Companion bills now before the Alaska House and Senate would boost the current base student allocation and raise the district cost factor for Kenai Peninsula Borough schools each year for the next five years.
House Bill 273 and its companion, Senate Bill 240, are currently in the finance committees of their respective legislative bodies. The measures incorporate recommendations of the Joint Legislative Education Funding Task Force.
Each version proposes to increase the base student allocation to $5,480 in fiscal year 2009, $100 more than the current allocation, and to keep increasing it at a rate of $100-per-year through fiscal year 2011, when the base student allocation would reach $5,680.
The bills also would increase the "area cost differentials" of school districts across the state. Those factors weight the relative remoteness of rural districts, which face higher costs, against a base of one (1.00) assigned to the municipal school district of Anchorage.
The Kenai Peninsula Borough's current area cost differential is set at 1.004, a factor school and borough officials have complained for years is far to low to account for the real costs of operating borough schools, which include a mix of urban and very rural facilities.
The two bills now under consideration would raise the borough school district's area cost differential factor from 1.004 to 1.088 in fiscal year 2009, to 1.109 the following fiscal year, and keep increasing it each fiscal year until it reached 1.171 in fiscal year 2014, which would be the 2013-2014 school year.
The bill also includes incremental increases to the factor used to determine funding for students with special needs who receive intensive services, as well as a buffer mechanism to help protect schools against precipitous declines in funding due to rapid drops in enrollment.
Dave Jones, district assistant superintendent, said one of the keys to what happened over the past couple of years was that the district's cost-factor funding was appropriated outside the state's Foundation Formula, which, among other things, dictates the cap on local funding.
This year, it appears, the cost factor will go back inside the formula, the upshot being that it will increase the amount the borough may legally contribute from local tax revenues.
Melody Douglas, finance director for the KPB school district, said if the current bill remained unchanged, next year's increase in the cost factor would provide about $5.6 million. However, that would not represent an increase in real dollars over the current year.
Superintendent Donna Peterson explained that last year, when lawmakers appropriated cost-factor funding outside the foundation formula, the effectively matched the amount expected from the 1.088 area cost differential proposed for FY 2009. Hence, the $5.6 million generated by the cost factor increase (now back within the Foundation Formula) cannot be considered an increase over the current year.
Other increases produced by the bill would, however, represent new money. According to Douglas, upping the base allocation by $100 next year will bring in another $1.5 million, and the increase in the "intensive multiplier" for special needs students could produce approximately $2 million more.
Craig Chapman, director of finance for the borough, said the additional revenue and the reinsertion of the cost differential back into the Foundation Formula might result in an increased appropriation from the borough of perhaps as much as $3.5 million, presuming the assembly agrees to full-funding of the local share. The assembly has never appropriated less than 100 percent of the local contribution.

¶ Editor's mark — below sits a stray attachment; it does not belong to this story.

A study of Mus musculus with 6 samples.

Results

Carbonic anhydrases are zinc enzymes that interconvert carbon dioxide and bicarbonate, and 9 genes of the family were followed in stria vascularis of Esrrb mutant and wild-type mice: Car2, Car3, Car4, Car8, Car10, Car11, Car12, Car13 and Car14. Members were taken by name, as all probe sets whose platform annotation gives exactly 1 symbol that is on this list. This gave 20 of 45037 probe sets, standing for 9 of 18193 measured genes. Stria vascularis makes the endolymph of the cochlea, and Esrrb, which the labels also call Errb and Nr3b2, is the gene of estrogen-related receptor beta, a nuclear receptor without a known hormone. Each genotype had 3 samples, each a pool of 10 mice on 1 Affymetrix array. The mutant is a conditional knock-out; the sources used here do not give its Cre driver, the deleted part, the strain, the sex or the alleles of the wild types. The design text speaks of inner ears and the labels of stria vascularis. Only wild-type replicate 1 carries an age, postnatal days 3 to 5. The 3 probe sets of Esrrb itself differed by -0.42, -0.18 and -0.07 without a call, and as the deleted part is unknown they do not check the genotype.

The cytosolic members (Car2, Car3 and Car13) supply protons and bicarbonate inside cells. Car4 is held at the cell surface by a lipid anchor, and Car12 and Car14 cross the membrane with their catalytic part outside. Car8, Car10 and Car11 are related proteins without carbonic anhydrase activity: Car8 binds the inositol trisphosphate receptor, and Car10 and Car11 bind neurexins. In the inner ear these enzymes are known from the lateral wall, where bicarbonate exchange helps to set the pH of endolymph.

The proposed increases will be tempered, however, by declining enrollment figures and rising costs.
Nevertheless, Peterson said she was thrilled that the district could be looking at roughly $2 million more in the FY 2009 schools budget, assuming the Legislature enacts Gov. Sarah Palin's proposed spending plan. For the first time in a long time, she said, district officials aren't agonizing over cuts.
"Wow, it's about time we could talk about increasing opportunities for students," she said Friday. "I'm thrilled. We get to spend some money. It's not just going to be the status quo."
Currently, the budget for next year envisions the same pupil-to-teacher ratio (PTR) as the current budget, except that in grades four through six the district would lower the PTR from 26 to 24 students per teacher, Peterson said.
District officials are also working on defining a basic education for 21st century students. Innovations could include programmatic staffing, Peterson said. Right now it's only a proposal, but soon they hope to offer more classes at each school, including more foreign languages and vocational and career training, along with the teachers and counselors to make that happen.
"Those are things that haven't happened in a long time," Peterson said.
While she is cautiously optimistic about future funding, in reality, the proposed increase to the area cost differential is only half that recommended by the University of Alaska's Institute of Social and Economic Research. Full differential funding is still five years away, she said.
Nevertheless, she called the school funding bills "the best shot right now" for improving educational services across the state.
Cautiously optimistic was exactly how Rep. Kurt Olson, a sponsor of HB 273, put it too, regarding the legislative chances for the funding package. He called the House bill a "unique piece of legislation" that could "blow up" if lawmakers start messing with its delicate infrastructure of compromises.
"We're walking on eggshells," he said Friday. "There's some pulling and tugging going on; some are asking for more. We're trying to get it out as fast as we can, and we are working with the Senate on it. I think they want it, too."
Hal Spence can be reached at email@example.com.